FILE PHOTO - Osoyoos Secondary School is pictured in this file photo. Okanagan Similkameen School District trustees remain suspicious at the motives behind the province's recent Rural Education Enhancement Funding, as well as its' longevity.
July 08, 2016 - 9:00 PM

OLIVER - The province’s recently announced Rural Education Enhancement Fund has saved Osoyoos Secondary School from closure for the next two years, but Okanagan Similkameen School District Board trustees echo sentiments similar to those expressed by their Penticton counterparts as they assess a future still uncertain for the district’s education system.

District 53 school board chair Maireze Tarr was pleased to see the province initiate the Rural Education Enhancement Fund, noting school boards have been advocating stable and sustainable funding since she became a trustee 14 years ago.

She is hoping the funding will last longer than the two years the district has been approved for.

“We hope this is not just a band-aid but a real change in the funding formula for rural districts, and the ministry is recognizing there is no more money to be cut from our already strapped budgets,” she says.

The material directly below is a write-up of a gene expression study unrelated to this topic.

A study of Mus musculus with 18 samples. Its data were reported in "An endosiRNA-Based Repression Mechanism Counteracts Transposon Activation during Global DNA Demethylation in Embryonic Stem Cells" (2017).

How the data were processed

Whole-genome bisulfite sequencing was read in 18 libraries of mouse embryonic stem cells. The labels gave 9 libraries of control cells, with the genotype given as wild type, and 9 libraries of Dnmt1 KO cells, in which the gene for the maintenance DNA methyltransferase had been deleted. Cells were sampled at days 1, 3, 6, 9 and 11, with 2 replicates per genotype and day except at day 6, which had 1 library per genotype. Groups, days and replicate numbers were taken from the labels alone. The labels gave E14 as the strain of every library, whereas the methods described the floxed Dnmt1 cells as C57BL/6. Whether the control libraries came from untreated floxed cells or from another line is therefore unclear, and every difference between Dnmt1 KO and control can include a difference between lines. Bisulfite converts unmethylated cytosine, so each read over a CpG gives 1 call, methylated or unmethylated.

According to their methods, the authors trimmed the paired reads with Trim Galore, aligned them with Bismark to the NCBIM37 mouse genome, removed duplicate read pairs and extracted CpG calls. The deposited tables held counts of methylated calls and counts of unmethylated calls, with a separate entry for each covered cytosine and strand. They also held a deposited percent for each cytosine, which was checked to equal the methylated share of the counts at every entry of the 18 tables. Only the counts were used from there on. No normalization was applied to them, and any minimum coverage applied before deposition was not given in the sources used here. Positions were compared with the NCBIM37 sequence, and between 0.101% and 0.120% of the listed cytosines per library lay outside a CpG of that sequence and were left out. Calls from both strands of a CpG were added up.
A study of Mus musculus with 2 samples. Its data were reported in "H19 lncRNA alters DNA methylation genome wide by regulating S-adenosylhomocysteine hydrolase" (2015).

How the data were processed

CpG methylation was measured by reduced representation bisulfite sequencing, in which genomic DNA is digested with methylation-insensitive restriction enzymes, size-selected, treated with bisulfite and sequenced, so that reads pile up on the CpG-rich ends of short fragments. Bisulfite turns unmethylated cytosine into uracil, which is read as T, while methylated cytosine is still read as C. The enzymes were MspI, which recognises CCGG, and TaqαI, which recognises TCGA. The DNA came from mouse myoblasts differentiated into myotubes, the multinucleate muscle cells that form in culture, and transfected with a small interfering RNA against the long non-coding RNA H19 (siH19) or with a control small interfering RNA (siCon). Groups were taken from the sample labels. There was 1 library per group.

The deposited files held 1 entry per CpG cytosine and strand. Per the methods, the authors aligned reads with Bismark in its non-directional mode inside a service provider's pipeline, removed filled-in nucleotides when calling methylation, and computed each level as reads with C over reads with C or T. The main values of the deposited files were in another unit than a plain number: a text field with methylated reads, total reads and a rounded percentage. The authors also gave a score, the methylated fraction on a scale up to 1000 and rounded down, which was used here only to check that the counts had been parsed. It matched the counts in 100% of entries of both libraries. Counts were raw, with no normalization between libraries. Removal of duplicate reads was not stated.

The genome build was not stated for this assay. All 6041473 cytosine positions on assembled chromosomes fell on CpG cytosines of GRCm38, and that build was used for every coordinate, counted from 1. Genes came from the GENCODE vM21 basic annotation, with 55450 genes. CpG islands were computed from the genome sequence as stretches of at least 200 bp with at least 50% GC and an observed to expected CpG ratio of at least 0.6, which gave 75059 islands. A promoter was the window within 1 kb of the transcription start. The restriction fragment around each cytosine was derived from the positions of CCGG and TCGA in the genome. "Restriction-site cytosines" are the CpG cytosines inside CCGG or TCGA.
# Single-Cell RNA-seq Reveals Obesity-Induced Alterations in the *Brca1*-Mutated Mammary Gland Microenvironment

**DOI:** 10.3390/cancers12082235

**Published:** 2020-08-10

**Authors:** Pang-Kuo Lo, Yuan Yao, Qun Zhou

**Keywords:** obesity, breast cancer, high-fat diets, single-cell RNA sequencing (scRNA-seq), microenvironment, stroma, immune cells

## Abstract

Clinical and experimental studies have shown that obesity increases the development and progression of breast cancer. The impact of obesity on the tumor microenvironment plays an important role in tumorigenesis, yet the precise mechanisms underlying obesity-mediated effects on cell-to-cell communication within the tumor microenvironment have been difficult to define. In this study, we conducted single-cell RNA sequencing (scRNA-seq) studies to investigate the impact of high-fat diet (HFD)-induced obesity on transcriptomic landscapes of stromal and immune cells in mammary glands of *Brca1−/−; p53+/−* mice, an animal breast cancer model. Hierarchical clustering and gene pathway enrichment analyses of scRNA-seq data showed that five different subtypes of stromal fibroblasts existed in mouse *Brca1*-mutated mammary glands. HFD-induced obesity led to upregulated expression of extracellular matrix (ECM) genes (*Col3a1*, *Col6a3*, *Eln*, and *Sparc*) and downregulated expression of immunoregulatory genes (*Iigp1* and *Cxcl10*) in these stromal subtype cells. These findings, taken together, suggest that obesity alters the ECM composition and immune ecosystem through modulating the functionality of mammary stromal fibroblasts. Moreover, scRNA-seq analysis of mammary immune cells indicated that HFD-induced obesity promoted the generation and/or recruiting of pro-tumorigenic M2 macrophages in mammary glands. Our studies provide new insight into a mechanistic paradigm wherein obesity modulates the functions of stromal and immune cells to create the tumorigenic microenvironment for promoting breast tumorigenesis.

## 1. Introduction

Fellow trustee Robert Zandee says the last month or so caught most trustees off balance, echoing Tarr’s comments about the advocacy by school boards for stable and predictable funding.

“When we go into a process being told one thing and then having the rules change on us mid-process it seriously undermines the efforts of all those involved,” Zandee says.

“In the trustees’ mind our mandate is to provide the maximum educational benefit within the fiscal parameters that we are given. The back of the napkin emergency funding scenario we have seen in the last few months is pretty transparent, and pretty unfortunate as it does not support good educational policy,” he says.

“I don’t believe anyone thinks that this is anything but an election year strategy and quite honestly, in that respect, it is a very valid one,” Zandee adds.

Zandee says the funding, while appreciated by the board, came with a lack of respect and communication from the government.

“Many boards are worried about where the government may come back to us, asking us to cut our budgets, essentially paying for new money,” he says.

Zandee says whether the funding will result in under utilized schools that stumble along at the taxpayers’ expense remains to be seen. He says with lower enrolments, it becomes more and more difficult to offer meaningful course offerings.